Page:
Top 8 models to buy used & top 9 to purchase new


As veteran used-car managers and wholesale price watchers understand, oftentimes luxury units take quite a price tumble during the time the vehicle leaves the factory to when it might end up in a store’s used inventory. It all stems from that critical first year of depreciation.

The team at generated some fresh data to reinforce this believe by analyzing more than 6 million new and used models sold from Aug. 1 through Jan. 24, comparing the retail prices.

In the used-vehicle part of the study, found eight models had a price difference of at least 30 percent compared to the new-car price. As mentioned, most of these units are luxury sedans, according to the project available here.

“While the peace-of-mind associated with a new car may be worth a few thousand dollars to a consumer, it may not be worth tens of thousands of dollars, as is the case with these cars,” chief executive officer Phong Ly said in a news release.

Luxury vehicles dominate this list, with sedans by Cadillac, Mercedes-Benz, Lincoln and INFINITI. The top vehicle on the list, the Cadillac XTS, costs more than $20,000 less when bought used.

“Many luxury cars are leased by individuals or companies for fleet or management use and replaced with newer models, and this turnaround increases the number of used cars in the marketplace, causing a larger drop in price,” Ly said.

The non-luxury cars on the list are the Jeep Compass, Toyota Camry, and Kia Sedona.

“Although Jeeps tend to hold their value well, the Compass received widespread criticism for its performance and its lack of off-roading capabilities characteristic of the Jeep brand, which could partly explain why they’re cheaper to buy lightly used,” Ly said.

“Sales of the Compass and the Sedona were also higher in the last couple of years, so if consumers are dissatisfied with these cars, there may be a larger supply of them on the used car market, driving down used prices,” Ly continued.

“The Camry’s inclusion on this list can be attributed to the 2018 redesign, which updated the powertrain, improved the handling, and added new exterior styling, on top of new safety features. The improvements come at a premium, so when compared with new models one-year-old Camrys are much cheaper,” Ly went on to say.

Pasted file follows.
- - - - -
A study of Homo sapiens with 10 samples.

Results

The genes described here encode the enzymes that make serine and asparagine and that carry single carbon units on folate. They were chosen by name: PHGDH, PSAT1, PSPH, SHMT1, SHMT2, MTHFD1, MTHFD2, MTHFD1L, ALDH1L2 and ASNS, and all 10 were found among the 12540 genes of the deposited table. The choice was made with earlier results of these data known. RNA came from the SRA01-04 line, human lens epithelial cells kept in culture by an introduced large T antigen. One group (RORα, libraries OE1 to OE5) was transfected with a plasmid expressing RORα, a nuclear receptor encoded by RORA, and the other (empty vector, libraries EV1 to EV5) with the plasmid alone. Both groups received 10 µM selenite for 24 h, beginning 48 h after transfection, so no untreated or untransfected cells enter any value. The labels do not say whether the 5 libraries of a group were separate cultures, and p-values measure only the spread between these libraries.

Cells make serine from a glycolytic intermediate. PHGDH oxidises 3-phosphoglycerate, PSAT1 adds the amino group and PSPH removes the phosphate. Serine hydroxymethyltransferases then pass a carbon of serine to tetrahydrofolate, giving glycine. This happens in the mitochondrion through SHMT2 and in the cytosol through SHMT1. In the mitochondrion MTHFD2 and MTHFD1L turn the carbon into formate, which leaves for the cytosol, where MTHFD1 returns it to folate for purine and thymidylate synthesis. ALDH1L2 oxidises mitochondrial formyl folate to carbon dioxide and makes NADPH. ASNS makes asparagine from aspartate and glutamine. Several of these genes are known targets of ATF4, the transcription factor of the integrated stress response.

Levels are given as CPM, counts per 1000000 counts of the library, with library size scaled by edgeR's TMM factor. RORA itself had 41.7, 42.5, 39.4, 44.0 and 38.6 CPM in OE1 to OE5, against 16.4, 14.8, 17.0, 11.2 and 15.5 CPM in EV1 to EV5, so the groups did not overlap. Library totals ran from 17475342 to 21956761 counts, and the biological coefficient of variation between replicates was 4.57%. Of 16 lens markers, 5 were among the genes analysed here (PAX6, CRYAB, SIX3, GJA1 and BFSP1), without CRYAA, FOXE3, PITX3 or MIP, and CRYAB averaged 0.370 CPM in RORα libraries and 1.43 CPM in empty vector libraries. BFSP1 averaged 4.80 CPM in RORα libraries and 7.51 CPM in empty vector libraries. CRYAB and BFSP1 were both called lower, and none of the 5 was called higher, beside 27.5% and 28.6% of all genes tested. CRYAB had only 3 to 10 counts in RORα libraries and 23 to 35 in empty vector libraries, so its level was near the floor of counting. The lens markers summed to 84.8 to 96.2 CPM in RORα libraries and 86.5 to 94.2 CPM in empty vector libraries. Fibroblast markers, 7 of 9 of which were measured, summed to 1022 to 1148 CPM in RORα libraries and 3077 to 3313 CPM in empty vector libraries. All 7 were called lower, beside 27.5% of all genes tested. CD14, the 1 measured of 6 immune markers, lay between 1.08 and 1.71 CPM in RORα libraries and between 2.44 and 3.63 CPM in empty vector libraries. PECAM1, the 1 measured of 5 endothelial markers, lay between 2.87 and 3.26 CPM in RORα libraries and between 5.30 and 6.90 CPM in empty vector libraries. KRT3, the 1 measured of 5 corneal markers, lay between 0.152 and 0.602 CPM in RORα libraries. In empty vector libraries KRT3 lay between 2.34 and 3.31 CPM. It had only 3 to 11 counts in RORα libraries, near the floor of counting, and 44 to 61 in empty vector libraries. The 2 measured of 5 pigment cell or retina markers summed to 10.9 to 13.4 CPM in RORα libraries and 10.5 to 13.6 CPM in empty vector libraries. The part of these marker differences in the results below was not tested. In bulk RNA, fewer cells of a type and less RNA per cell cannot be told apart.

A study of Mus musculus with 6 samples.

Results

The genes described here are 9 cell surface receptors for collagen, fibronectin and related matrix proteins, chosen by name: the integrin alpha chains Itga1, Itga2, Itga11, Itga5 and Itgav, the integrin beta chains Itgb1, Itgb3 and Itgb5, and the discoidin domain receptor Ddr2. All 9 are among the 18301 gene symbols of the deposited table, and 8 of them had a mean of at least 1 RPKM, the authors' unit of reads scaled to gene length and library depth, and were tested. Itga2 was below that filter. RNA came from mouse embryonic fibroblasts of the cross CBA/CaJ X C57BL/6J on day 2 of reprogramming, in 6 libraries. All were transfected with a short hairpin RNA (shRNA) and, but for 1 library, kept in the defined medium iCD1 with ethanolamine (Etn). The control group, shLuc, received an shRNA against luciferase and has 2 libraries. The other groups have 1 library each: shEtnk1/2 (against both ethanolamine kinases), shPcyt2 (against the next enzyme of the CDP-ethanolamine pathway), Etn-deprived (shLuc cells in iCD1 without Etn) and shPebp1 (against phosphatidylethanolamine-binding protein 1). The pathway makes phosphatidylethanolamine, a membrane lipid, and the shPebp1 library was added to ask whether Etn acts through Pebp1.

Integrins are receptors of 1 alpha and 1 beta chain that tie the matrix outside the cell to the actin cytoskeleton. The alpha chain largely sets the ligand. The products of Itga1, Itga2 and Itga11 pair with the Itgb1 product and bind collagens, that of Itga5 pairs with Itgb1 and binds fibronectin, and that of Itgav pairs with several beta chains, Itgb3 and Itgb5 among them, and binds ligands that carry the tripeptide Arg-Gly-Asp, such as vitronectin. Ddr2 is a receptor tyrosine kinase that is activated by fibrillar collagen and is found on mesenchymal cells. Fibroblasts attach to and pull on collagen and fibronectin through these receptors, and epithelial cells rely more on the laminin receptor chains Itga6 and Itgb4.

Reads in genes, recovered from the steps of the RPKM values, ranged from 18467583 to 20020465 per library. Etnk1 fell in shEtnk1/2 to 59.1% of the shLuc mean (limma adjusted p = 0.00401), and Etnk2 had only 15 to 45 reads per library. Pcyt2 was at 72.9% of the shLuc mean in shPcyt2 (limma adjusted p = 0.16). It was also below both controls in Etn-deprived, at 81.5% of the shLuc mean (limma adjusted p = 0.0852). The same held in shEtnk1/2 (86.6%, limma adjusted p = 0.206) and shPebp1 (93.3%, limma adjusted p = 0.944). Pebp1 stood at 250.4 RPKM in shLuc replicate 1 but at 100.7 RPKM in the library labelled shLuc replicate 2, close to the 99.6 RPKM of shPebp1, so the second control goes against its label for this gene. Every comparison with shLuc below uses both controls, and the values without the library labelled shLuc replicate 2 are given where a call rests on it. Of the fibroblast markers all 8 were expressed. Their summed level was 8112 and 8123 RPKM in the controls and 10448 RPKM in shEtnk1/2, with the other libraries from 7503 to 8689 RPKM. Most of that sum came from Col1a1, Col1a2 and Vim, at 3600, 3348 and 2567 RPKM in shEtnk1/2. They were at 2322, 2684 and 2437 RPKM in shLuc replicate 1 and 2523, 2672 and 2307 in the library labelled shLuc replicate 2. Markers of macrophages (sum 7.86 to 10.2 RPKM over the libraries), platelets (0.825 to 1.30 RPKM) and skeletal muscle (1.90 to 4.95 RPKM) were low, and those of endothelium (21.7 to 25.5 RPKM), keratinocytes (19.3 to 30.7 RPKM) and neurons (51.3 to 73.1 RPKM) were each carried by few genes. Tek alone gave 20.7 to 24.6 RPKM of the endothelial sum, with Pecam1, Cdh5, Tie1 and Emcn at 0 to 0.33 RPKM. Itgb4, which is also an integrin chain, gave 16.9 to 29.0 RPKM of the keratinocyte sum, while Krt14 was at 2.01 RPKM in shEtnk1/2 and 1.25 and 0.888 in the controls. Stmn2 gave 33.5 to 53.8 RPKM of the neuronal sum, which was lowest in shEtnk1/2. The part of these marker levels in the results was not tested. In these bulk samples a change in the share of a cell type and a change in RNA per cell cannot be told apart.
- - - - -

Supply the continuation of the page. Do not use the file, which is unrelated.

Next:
Top Cars to Buy Used Over New
(By Percentage)
Model Percentage Difference
Used Over New
Dollar Difference
Used Over New
 1  Cadillac XTS  -38.7%  -$20,965
 2  Jeep Compass  -34.8%  -$9,652
 3  Mercedes-Benz E-Class  -34.5%  -$22,919
 4  Lincoln MKZ  -33.7%  -$14,328
 5  Cadillac CTS  -33.4%  -$18,170
 6  INFINITI Q50   -32.2%   -$14,654
 7  Toyota Camry  -30.7%  -$8,213
 8  Kia Sedona   -30.0%  -$9,682
    Overall Average  -21.1%  -$7,654 


On the new-car side, the latest study by found a few models can be purchased new for as little as $2,885 over the price of the previous year’s lightly-used version.

Site analysts identified nine new models that cost up to just 15 percent more than the gently-used version. When compared with the overall average of 26.8 percent, thinks these vehicles may provide better value when purchased new.

“It’s widely understood that new cars tend to lose a large portion of their value shortly after they’re driven off the lot, but these cars retain more of their value over the first year,” Ly said. “Instead of buying a car that’s been driven for one year, consumers can buy the new version for just a few thousand dollars more and take advantage of the latest and greatest technological and safety features.

“When spread out over the length of a car loan at an average of 5.5 years, the slightly increased monthly payments can be offset by the added warranty and dealer incentives,” he continued.

The nine models that have the smallest changes in price are popular models and are almost exclusively pickup trucks and SUVs. The notable exception is the Subaru WRX sports car.

“The WRX is a high-demand vehicle and it had a starring role in the 2017 box office hit ‘Baby Driver’, adding to its appeal,” Ly said.

The top spot went to the Jeep Wrangler Unlimited, while a second Jeep model, the Renegade placed eighth on the list.

“Jeeps are known for retaining their value due to their durability and performance across all terrains,” Ly said. “Strong brand reputation is another key factor to aid in value retention, so it is no surprise that Toyota and Honda each have multiple vehicles on the list.”

Top Cars to Buy New Over Used
(By Percentage)
Model Percentage Difference New Over Used Dollar Difference New Over Used
 1  Jeep Wrangler Unlimited  8.9%  $3,199
 2  Toyota Tacoma  10.4%  $3,320
 3  Toyota 4Runner  12.7%  $4,605
 4  Nissan Frontier  13.3%  $3,180
 5  Honda Pilot   13.7%  $4,858
 6  Chevrolet Colorado  13.7%  $4,154
 7  Honda HR-V   13.8%  $2,885
 8  Jeep Renegade  14.1%  $2,897
 9  Subaru WRX   14.2%  $4,115
   Overall Average  26.8%  $7,654 


In summation, Ly asserted that the data from reinforces what dealers might already be seeing in their showroom or at the auction.

“This list reflects the current marketplace as demand for SUVs and pickup trucks are at record highs while demand for passenger cars is steadily declining,” Ly said. “The rising popularity of these car types could be attributed to steady gas prices.

“Whether consumers buy a brand new car or a lightly-used version of the same model depends on how much the new technology, complete lack of wear-and-tear, and the new car smell are worth to them,” Ly continued.

“For some models, these features cost only a few thousand more, while for others they cost tens of thousands more. Consumers should keep these comparisons in mind as they decide whether to buy new or buy used,” he concluded.